Arsonist with ‘kill rabbi’ tattoo sentenced to decades in prison for burning rabbi’s home


(New York Jewish Week) — An arsonist with a tattoo reading “KILL Rabbi Max” was sentenced to decades in prison for setting fire to a rabbi’s home in 2019.

Matthew Karelefsky, 46, was convicted last month of charges including attempted murder, arson and assault for the crime in the Brooklyn neighborhood of Midwood. On Monday, he received a sentence in Brooklyn Supreme Court of 25 years to life in prison.

The crime occurred on June 13, 2019, when a rabbi at a Midwood yeshiva woke up shortly before 4 a.m. to a fire in his family home. The flames spread to houses on either side of the rabbi’s property, forcing 13 people to evacuate the buildings. Six people were injured by smoke inhalation, including a 6-week-old infant.

After the fire, K9 investigators found arson implements underneath the rabbi’s front porch. The items included a Kingsford charcoal bag, a plastic milk carton and empty containers of lighter fluid.

Video surveillance showed Karelefsky purchasing the items at a neighborhood grocery store the day before the fire and igniting the blaze. Police arrested Karelefsky in New York two days after the fire. Karelefsky was living near Pittsburgh at the time of the incident.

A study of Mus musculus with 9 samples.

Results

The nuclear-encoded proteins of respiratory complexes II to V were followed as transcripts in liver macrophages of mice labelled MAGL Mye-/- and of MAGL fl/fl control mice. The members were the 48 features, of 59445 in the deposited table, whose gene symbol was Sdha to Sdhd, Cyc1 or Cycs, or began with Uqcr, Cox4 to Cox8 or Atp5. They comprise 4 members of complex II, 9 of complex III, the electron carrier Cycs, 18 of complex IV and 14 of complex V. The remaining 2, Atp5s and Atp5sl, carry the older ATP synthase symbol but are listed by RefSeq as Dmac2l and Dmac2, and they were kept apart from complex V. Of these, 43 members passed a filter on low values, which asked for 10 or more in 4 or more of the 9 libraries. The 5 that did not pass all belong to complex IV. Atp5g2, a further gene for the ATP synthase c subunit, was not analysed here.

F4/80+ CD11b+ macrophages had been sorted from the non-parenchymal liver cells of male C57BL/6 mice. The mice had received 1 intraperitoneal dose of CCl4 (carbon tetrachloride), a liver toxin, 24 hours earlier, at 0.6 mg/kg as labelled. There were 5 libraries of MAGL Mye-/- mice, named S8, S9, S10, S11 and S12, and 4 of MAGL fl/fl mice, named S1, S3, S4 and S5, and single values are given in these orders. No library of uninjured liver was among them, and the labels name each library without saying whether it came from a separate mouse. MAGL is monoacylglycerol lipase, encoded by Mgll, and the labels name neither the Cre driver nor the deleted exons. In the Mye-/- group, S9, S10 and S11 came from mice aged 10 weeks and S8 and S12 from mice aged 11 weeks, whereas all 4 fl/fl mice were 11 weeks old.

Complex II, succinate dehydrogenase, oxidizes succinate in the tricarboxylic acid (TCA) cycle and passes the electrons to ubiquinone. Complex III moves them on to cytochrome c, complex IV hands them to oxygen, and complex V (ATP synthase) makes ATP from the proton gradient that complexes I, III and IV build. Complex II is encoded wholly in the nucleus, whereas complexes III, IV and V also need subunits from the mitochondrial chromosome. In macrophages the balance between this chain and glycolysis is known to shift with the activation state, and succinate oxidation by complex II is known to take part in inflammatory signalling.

Karelefsky had a tattoo on his forearm that said, “Never let go of the HATRED — KILL Rabbi Max,” the Brooklyn district attorney’s office said. The rabbi was not identified in the statement, but was named as Rabbi Jonathan Max in media reports.

Karelefsky claimed that Max had abused him as a child, but did not provide evidence. Max dismissed the allegation, saying he had not known Karelefsky as a child, only meeting him as an adult. Karelefsky began threatening Max when the rabbi supported Karelefsky’s wife in divorce proceedings, Max said.

“He’s a very amiable fellow,” Max told the New York Times in 2019. “You talk to him, he’s the sweetest guy. There’s no anger in me toward him. He’s sick. How can you be angry at disease?”

Karelefsky declined to comment to the Jewish Telegraphic Agency at the time of the arson. There do not appear to be any other public accusations of sexual misconduct against Max.

Brooklyn District Attorney Eric Gonzalez said in a statement on Monday that Karelefsky had been “brought to justice.”

“This defendant’s actions destroyed the homes of several families and put numerous people in harm’s way,” Gonzalez said. “I am thankful that there were no life-threatening injuries.”